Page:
Why do bluebonnets turn white, red or maroon?
With all the attention given to genetically modified plants these days, it’s easy to forget that there is more than one way that we end up with genetic variants within species.
Plants have been procreating since long before humans arrived on the scene, and subsequently, humans have taken note of this natural tendency and intervened to create more of any particular genetic trait that we happen to fancy.
We all remember from school how offspring get half their genes from each parent, and white or red Lupinus texensis are no different. Non-blue flowers are a recessive trait, so we don’t see them as often in wild populations.
And even if they are among out there, the sea of blue along a roadside dominates our eyes and makes those anomalous individuals harder to spot.
Now, let’s get back to man-made manipulation of those colors. When botanists spot oddballs in nature, they know they’ve found something unique, and being unique in the horticultural trade is normally a prized trait. In addition to the fairly rare white-flowering plants, there are also light pink and maroon bluebonnets. Sequestering these plants and forcing them to procreate only among themselves increases the likelihood of offspring with the desirable trait.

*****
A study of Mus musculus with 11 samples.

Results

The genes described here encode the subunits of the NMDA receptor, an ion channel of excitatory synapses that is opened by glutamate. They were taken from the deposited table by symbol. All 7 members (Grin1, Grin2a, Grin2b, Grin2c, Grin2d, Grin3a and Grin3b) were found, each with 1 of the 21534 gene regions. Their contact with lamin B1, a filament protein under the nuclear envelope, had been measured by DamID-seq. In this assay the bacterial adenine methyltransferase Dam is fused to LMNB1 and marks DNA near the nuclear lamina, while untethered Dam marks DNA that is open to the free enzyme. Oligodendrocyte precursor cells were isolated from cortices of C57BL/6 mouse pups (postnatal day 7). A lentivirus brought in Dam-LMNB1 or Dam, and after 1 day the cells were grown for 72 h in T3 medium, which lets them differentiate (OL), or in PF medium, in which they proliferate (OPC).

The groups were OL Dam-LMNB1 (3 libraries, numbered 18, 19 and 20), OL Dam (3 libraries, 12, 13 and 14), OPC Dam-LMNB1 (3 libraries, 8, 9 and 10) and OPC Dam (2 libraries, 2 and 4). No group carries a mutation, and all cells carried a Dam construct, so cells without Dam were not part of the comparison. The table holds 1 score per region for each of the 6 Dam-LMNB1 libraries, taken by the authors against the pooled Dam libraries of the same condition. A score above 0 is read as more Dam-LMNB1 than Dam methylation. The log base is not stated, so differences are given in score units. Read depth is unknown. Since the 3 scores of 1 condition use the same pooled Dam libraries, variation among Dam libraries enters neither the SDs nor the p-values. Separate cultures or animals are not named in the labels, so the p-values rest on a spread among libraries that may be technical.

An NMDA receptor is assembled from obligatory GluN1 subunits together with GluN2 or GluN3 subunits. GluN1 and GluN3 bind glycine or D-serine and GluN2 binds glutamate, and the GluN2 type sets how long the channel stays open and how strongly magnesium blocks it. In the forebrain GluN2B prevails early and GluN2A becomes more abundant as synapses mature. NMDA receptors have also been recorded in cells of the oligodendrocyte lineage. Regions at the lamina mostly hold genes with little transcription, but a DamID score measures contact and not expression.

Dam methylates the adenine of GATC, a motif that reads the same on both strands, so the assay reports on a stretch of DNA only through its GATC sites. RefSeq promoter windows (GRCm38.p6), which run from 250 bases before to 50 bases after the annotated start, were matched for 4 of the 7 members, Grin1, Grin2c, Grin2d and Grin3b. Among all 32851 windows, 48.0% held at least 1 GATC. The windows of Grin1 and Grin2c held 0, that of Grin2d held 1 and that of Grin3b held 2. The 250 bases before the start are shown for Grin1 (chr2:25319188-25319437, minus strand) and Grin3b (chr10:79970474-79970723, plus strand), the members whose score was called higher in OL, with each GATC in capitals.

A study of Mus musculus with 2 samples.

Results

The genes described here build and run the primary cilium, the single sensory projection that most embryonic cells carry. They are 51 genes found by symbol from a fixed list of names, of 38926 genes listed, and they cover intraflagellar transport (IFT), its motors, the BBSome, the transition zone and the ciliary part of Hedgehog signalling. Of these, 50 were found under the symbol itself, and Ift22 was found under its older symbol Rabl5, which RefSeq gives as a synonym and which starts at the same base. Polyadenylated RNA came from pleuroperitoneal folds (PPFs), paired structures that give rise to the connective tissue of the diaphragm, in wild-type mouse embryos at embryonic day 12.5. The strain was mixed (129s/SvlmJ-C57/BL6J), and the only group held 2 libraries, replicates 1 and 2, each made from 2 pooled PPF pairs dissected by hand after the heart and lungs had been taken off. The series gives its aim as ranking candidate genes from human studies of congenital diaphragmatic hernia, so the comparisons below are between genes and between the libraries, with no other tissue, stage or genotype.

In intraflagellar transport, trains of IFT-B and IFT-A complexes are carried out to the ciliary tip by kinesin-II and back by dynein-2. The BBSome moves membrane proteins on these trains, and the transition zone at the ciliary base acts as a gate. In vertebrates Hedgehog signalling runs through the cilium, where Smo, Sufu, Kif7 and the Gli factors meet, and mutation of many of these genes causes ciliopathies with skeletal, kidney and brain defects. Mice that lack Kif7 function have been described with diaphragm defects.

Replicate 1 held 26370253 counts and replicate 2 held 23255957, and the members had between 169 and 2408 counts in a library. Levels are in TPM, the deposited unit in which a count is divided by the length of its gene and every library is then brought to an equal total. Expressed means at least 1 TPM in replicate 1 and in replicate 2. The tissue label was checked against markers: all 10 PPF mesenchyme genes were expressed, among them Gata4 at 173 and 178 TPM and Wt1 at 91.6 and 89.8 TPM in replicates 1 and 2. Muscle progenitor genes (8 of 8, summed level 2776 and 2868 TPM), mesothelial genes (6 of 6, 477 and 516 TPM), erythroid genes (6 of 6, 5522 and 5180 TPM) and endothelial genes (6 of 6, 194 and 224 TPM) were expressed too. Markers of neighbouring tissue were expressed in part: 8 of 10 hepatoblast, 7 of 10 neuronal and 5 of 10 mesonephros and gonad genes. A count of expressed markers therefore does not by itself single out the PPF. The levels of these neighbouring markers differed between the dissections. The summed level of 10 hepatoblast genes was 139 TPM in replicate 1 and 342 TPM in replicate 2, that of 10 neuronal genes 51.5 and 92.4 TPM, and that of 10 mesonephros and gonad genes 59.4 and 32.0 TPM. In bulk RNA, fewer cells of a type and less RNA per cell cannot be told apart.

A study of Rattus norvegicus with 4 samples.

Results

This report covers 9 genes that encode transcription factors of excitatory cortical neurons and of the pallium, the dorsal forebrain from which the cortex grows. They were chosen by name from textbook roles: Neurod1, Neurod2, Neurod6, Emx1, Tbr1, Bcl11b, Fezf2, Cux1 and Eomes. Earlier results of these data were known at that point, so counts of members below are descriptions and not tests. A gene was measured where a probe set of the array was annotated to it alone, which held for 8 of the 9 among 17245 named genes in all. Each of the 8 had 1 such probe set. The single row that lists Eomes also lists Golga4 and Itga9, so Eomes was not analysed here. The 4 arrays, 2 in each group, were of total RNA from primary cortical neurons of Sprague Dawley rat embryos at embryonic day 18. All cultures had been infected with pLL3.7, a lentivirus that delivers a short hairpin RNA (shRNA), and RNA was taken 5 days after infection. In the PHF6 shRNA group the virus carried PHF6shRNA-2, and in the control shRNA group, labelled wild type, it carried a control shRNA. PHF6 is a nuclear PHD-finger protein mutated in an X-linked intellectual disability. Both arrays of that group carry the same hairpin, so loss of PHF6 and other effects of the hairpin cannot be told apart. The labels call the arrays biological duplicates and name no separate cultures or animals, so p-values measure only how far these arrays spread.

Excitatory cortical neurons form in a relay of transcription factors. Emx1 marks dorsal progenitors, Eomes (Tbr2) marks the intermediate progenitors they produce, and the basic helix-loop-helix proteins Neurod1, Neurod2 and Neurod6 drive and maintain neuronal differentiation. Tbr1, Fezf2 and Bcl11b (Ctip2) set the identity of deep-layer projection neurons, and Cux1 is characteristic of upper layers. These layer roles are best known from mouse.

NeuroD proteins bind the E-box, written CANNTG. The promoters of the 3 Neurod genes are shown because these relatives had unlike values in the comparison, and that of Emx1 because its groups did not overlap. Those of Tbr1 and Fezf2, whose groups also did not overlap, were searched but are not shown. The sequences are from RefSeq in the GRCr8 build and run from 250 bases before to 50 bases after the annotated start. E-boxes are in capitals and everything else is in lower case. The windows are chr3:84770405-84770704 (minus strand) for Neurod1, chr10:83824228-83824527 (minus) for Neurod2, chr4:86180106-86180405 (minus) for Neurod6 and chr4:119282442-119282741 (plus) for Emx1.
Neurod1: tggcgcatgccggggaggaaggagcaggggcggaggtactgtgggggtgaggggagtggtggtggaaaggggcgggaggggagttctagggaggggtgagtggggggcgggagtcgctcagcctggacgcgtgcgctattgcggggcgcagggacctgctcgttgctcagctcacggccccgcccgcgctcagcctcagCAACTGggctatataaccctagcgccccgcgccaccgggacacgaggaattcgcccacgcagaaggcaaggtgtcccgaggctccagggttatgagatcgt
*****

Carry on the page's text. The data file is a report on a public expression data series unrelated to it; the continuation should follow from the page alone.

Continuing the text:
Of course, when enterprising Aggies discovered the maroon variant, they set about creating more of them, and making them available to the public, leading to a cultivar of bluebonnet named ‘Texas Maroon’.
But in your landscape, as by the roadside, those non-blue variants are fleeting, since cross-pollination is nature’s way of ensuring genetic diversity. Maroon, white, and pink-flowering plants in your yard will be easily pollinated by blue ones, and the dominant blue trait will return, with other colors popping up as rarely as they do in nature.
This of course brings to mind the sensational story from a few years ago, when a few maroon bluebonnets popped up among the native blue ones on the UT campus, prompting many Longhorns to suspect foul play. Although not impossible, it’s much more likely that the unique colors were just nature’s little trick!
And if you have a fondness for unique wildflowers, look for the Texas Super Star ‘Lady Bird Johnson Royal Blue’ cultivar next season. It’s a deep, vibrant blue.